Cobra–bite victim saved by Philly Zoo staffers

America's first zoo

January 27, 2010 2:47:59 PM PST
A Baltimore area woman, bitten on the hand by a cobra in a Baltimore parking lot Sunday night, is alive today following quick work by a bi-state team of emergency responders that included poison control, police, doctors at Johns Hopkins, and staff at the Philadelphia Zoo.The woman, who declines to reveal her identity, but told authorities she is not the snake's owner, may owe her life to the team, including Jason Bell, Philadelphia Zoo Assistant Curator of Reptiles and Amphibians, who was in his suburban Philadelphia home Sunday night when he received an urgent call from Maryland Poison Control.

Facts were few: a woman, about to enter her car, had been bitten on the hand by a monocled cobra, and had been rushed to Johns Hopkins Hospital. Maryland Poison Control asked Bell whether the Zoo could supply antivenom. After caring for snakes for more than a decade, Bell knew the victim faced serious, possibly life-threatening complications without the special antivenom to counteract the neurotoxic effects of the bite.

Maryland Poison Control, which tracked down Bell and the Philadelphia Zoo's antivenom supply using the online Antivenom Index, stayed in constant contact with Bell as he rushed to the Zoo to retrieve the South African-made antivenom. He packed the refrigerated vials and relayed them to a waiting team of troopers from the Pennsylvania State Police Belmont Barracks. The state police helicopter had been grounded due to heavy rains so the troopers drove to Maryland where the life-saving serum was delivered to a waiting Hopkins ambulance.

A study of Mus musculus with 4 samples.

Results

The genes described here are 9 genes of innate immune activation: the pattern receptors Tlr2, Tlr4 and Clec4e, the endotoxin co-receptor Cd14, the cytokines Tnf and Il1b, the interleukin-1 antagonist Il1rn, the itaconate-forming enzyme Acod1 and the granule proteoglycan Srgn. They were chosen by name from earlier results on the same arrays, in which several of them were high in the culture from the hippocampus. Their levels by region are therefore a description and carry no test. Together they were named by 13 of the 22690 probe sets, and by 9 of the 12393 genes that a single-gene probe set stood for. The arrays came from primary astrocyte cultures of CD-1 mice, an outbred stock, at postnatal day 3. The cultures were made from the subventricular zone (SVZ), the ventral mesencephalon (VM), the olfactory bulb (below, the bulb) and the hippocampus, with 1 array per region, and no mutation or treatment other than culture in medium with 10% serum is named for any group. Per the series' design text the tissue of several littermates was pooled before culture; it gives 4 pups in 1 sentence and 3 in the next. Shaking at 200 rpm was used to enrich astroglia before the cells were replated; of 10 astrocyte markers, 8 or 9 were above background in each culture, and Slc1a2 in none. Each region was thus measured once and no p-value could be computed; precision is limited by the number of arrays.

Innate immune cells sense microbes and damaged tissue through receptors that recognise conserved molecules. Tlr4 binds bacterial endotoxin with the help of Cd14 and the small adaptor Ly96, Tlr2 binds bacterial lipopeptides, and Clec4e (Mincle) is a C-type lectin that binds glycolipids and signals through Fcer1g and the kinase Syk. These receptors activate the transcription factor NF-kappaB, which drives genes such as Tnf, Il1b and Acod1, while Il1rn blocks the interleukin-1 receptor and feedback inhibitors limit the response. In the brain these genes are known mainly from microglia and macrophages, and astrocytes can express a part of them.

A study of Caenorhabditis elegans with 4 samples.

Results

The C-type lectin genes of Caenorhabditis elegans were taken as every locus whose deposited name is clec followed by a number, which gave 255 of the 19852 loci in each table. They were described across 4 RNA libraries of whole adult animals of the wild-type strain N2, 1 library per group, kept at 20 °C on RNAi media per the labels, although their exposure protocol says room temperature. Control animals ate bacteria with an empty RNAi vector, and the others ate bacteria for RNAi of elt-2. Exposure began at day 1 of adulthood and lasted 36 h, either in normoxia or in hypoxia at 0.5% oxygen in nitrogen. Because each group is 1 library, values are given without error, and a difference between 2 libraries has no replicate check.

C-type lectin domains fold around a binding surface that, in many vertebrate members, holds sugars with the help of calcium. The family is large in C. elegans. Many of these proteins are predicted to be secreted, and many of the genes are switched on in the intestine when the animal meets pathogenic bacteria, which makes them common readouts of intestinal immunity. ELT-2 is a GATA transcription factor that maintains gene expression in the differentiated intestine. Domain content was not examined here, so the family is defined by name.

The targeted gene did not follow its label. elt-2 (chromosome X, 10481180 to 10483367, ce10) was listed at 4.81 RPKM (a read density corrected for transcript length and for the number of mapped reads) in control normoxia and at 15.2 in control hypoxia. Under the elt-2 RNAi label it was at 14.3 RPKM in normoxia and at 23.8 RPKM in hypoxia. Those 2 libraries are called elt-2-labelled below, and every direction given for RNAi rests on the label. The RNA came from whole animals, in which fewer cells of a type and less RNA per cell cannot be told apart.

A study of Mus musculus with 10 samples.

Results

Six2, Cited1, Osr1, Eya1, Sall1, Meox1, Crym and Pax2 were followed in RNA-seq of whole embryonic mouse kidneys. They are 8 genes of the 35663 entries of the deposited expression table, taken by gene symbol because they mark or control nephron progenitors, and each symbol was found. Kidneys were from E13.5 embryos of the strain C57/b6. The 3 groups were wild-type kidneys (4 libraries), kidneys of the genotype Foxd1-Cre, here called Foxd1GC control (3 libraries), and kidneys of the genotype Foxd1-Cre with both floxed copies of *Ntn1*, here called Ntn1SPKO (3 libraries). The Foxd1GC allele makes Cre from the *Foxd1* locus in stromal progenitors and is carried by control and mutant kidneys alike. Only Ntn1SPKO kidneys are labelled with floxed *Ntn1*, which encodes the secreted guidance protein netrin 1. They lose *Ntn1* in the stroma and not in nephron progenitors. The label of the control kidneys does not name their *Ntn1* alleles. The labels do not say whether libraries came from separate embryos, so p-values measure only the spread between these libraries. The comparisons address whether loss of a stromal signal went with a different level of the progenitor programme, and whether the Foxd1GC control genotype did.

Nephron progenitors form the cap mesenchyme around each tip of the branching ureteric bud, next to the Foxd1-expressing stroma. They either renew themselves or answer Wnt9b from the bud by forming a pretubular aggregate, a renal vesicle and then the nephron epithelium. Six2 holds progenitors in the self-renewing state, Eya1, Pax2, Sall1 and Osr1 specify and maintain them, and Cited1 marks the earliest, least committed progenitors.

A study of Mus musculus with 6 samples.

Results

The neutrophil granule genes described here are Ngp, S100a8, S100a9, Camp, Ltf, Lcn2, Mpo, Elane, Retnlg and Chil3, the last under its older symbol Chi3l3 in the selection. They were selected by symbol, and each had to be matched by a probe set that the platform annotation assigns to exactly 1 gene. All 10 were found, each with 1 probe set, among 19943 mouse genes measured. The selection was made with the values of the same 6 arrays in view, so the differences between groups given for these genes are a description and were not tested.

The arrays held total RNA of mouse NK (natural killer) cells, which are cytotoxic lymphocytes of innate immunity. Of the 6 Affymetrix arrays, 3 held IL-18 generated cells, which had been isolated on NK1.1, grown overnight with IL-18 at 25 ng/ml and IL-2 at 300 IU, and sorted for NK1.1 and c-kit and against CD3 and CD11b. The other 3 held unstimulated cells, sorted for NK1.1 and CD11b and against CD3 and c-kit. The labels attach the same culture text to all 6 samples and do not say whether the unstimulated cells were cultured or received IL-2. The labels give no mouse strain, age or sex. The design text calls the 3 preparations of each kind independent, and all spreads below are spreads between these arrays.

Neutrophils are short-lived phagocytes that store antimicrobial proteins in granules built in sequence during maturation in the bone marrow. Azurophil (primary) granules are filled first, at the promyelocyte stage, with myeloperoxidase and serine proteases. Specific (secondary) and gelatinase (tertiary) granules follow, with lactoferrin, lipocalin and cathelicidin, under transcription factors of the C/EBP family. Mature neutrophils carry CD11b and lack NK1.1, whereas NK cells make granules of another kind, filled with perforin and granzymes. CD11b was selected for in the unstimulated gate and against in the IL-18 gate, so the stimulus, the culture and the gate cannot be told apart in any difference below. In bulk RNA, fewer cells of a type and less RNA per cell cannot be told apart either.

"She was very lucky," says Bell, who has seen similar bite cases ? none involving zoo workers. "She was bitten on the finger and not closer to the heart. Some cobra bites can cause rapid death." The Philadelphia zoo collection includes about 100 snakes, about half of which are venomous.

Dr. Andrew Baker, the Philadelphia Zoo's Chief Operating Officer, says there is a lesson to be learned through the incident. "The information-sharing system worked and saved a life. But that snake should never have been a danger to anyone. Venomous snakes are not pets. If you want to see a cobra, see it in the safety of a zoo."

About the Antivenom Index

In 2006, the Association of Zoos and Aquariums (AZA), of which the Philadelphia Zoo is a member, in collaboration with the American Association of Poison Control Centers, developed an online Antivenom Index that is currently managed, updated, and hosted by the University of Arizona College of Pharmacy. The Antivenom Index is available only to representatives from AZA-accredited institutions and poison control centers. The Index is used to assist zoo and aquarium personnel manage their antivenom inventory used to treat bites or stings from the animals in their care and to help poison control center personnel locate appropriate antivenom as needed.

About the Philadelphia Zoo:

Philadelphia Zoo, America's first zoo, is celebrating the 150th anniversary of its founding. Chartered by the Commonwealth of Pennsylvania on March 21, 1859, the Zoo is currently home to over 1,300 animals from around the world, many rare and endangered. Welcoming more than one million visitors each year from throughout the region and beyond, the Zoo serves children and families as a unique and engaging public resource for wildlife conservation and education. The Philadelphia Zoo is accredited by the Association of Zoos and Aquariums.